Date Published: 9 June 2006
NICE issues draft guidance on trastuzumab (Herceptin) for early breast cancer
The UK National Institute for Clinical Excellence (NICE) has published draft guidance about Herceptin, just two weeks after the drug was licensed by the regulatory authorities for use in early breast cancer. The draft guidance recommends the drug for women with early stage HER2-positive breast cancer, except where there are concerns about the woman's cardiac function. Final guidance is expected to be issued at the beginning of July 2006, assuming there are no appeals.
NICE Chief Executive Andrew Dillon said:
" These proposals are very good news for women with HER2 positive breast cancer. Herceptin, for these women is clinically and cost effective in the early stage of the disease and we look forward to being able to issue final guidance, subject to any appeal against our recommendations, in a few weeks time."
The draft recommendations are as follows:
given at 3-week intervals for 1 year or until disease recurrence
(whichever is the shorter period), is recommended as a treatment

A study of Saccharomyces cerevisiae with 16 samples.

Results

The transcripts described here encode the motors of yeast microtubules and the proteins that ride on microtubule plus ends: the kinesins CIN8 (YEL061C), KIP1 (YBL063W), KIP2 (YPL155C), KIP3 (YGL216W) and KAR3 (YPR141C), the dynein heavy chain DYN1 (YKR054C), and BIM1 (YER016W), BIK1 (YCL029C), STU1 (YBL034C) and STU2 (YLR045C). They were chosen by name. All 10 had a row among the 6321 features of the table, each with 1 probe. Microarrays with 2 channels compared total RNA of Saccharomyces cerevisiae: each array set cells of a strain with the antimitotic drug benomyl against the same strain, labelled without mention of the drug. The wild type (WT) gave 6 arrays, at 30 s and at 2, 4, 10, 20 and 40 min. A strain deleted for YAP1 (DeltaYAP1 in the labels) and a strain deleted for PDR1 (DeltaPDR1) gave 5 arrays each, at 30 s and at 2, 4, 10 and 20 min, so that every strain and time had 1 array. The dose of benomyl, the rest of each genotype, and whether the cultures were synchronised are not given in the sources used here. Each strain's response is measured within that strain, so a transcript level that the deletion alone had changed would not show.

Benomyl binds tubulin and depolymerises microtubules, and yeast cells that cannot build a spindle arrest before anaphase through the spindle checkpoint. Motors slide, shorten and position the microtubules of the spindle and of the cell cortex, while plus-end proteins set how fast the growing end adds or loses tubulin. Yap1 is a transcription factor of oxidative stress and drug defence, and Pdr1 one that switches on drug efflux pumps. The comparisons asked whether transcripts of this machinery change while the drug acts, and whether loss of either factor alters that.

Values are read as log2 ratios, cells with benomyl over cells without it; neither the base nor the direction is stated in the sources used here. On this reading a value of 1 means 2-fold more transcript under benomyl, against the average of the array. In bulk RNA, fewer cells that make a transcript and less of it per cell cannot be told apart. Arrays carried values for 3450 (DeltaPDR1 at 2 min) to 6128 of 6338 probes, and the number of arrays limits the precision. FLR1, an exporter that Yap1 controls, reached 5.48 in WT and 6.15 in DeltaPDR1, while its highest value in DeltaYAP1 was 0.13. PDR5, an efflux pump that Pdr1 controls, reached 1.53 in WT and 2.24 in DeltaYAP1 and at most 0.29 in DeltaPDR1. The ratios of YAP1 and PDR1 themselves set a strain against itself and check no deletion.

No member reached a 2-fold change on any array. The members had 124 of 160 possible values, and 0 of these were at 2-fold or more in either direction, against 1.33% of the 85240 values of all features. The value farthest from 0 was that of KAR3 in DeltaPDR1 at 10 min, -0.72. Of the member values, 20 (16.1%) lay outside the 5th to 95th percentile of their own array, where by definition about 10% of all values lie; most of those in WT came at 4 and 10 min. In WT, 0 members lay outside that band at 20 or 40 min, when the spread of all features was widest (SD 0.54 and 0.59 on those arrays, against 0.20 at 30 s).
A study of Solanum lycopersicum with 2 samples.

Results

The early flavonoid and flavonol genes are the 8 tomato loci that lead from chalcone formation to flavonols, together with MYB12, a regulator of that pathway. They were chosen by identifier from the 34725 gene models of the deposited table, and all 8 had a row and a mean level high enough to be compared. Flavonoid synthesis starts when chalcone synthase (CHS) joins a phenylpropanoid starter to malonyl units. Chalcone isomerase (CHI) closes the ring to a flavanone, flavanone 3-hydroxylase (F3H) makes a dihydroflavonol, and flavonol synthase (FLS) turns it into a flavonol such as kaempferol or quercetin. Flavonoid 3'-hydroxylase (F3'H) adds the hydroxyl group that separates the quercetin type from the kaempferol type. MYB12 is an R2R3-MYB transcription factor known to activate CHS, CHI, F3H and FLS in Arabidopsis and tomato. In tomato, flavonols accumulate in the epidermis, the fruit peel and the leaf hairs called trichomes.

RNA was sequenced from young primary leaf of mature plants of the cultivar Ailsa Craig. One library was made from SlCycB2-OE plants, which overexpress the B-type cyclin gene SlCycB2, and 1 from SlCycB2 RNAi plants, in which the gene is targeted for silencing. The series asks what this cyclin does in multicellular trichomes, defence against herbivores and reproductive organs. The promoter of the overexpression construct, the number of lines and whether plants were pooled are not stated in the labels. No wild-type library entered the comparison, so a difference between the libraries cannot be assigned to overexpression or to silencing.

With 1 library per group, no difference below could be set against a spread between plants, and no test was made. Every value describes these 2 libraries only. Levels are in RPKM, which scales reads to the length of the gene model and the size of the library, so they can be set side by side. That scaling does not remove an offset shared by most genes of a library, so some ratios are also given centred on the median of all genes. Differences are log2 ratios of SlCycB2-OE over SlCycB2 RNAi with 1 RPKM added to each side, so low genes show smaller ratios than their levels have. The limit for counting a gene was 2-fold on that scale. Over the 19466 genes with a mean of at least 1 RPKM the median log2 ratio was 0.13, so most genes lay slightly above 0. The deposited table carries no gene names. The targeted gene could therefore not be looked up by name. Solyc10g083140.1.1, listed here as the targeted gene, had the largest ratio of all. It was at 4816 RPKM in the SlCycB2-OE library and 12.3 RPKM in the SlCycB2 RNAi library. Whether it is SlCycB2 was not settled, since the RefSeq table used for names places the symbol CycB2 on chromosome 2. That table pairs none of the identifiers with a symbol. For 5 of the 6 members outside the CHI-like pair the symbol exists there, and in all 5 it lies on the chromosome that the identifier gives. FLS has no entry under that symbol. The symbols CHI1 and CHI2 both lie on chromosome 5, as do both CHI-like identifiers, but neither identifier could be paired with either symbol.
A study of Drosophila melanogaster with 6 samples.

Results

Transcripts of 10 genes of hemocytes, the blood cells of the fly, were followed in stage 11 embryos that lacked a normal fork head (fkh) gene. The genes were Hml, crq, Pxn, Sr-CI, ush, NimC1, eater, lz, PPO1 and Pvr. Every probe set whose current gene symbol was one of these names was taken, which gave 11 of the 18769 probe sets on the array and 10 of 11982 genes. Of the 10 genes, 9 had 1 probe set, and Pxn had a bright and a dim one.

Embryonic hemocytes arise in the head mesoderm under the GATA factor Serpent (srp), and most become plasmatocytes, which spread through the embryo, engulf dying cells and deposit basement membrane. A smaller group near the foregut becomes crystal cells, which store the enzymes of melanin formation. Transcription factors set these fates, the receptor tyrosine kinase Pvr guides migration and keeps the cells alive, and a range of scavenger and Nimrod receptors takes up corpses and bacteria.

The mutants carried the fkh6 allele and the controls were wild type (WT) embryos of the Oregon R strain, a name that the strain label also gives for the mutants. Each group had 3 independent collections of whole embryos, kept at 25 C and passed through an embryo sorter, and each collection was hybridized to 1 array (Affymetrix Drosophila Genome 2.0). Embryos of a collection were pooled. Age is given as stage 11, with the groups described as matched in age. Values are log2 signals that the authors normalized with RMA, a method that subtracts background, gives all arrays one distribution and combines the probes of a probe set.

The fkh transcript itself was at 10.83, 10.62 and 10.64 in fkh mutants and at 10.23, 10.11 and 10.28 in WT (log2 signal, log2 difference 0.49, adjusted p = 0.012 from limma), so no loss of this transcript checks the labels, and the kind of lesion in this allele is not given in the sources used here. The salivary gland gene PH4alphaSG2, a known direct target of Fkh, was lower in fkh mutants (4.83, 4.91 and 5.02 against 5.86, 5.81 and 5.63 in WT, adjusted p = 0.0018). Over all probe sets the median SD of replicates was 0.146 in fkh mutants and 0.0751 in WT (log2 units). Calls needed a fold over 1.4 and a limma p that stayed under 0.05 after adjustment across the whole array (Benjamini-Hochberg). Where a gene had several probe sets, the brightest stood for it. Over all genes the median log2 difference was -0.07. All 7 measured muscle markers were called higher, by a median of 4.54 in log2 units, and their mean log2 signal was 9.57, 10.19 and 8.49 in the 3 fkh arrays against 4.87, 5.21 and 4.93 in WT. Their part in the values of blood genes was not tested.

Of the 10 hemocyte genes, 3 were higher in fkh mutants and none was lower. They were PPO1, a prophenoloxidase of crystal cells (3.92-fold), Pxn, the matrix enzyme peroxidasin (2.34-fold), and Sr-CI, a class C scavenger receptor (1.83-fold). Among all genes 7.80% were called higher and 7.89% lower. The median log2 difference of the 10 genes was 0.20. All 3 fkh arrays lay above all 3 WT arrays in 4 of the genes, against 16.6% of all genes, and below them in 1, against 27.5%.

option for women
with early-stage HER2-positive breast cancer following surgery, chemotherapy
(neoadjuvant or adjuvant) and radiotherapy (if applicable).
function should be assessed prior to the commencement of therapy
and trastuzumab treatment should not be offered to women
who have a left ventricular ejection fraction (LVEF) of 55% or less,
or who have any of the following:
- a history of documented congestive heart failure
- high-risk uncontrolled arrhythmias
- angina pectoris requiring medication
- clinically significant valvular disease
- evidence of transmural infarction on electrocardiograph (ECG)
- poorly controlled hypertension.
- Cardiac functional assessments should be repeated every 3 months during trastuzumab treatment. If the LVEF drops by 10% from baseline and to below 50% then trastuzumab treatment should be suspended. A decision to resume trastuzumab therapy should be based on a further cardiac assessment and a fully informed discussion of the risks and benefits between the individual patient and their clinician.
The draft recommendations are subject to an appeal period which closes on 28 June 2006. During this period registered stakeholder organisations including those representing healthcare professionals, patients and carers can decide if they wish to appeal against the draft guidance. Final guidance is expected to be issued at the beginning of July 2006, assuming there are no appeals.
Source(s): National Institute for Clinical Excellence (NICE), UK.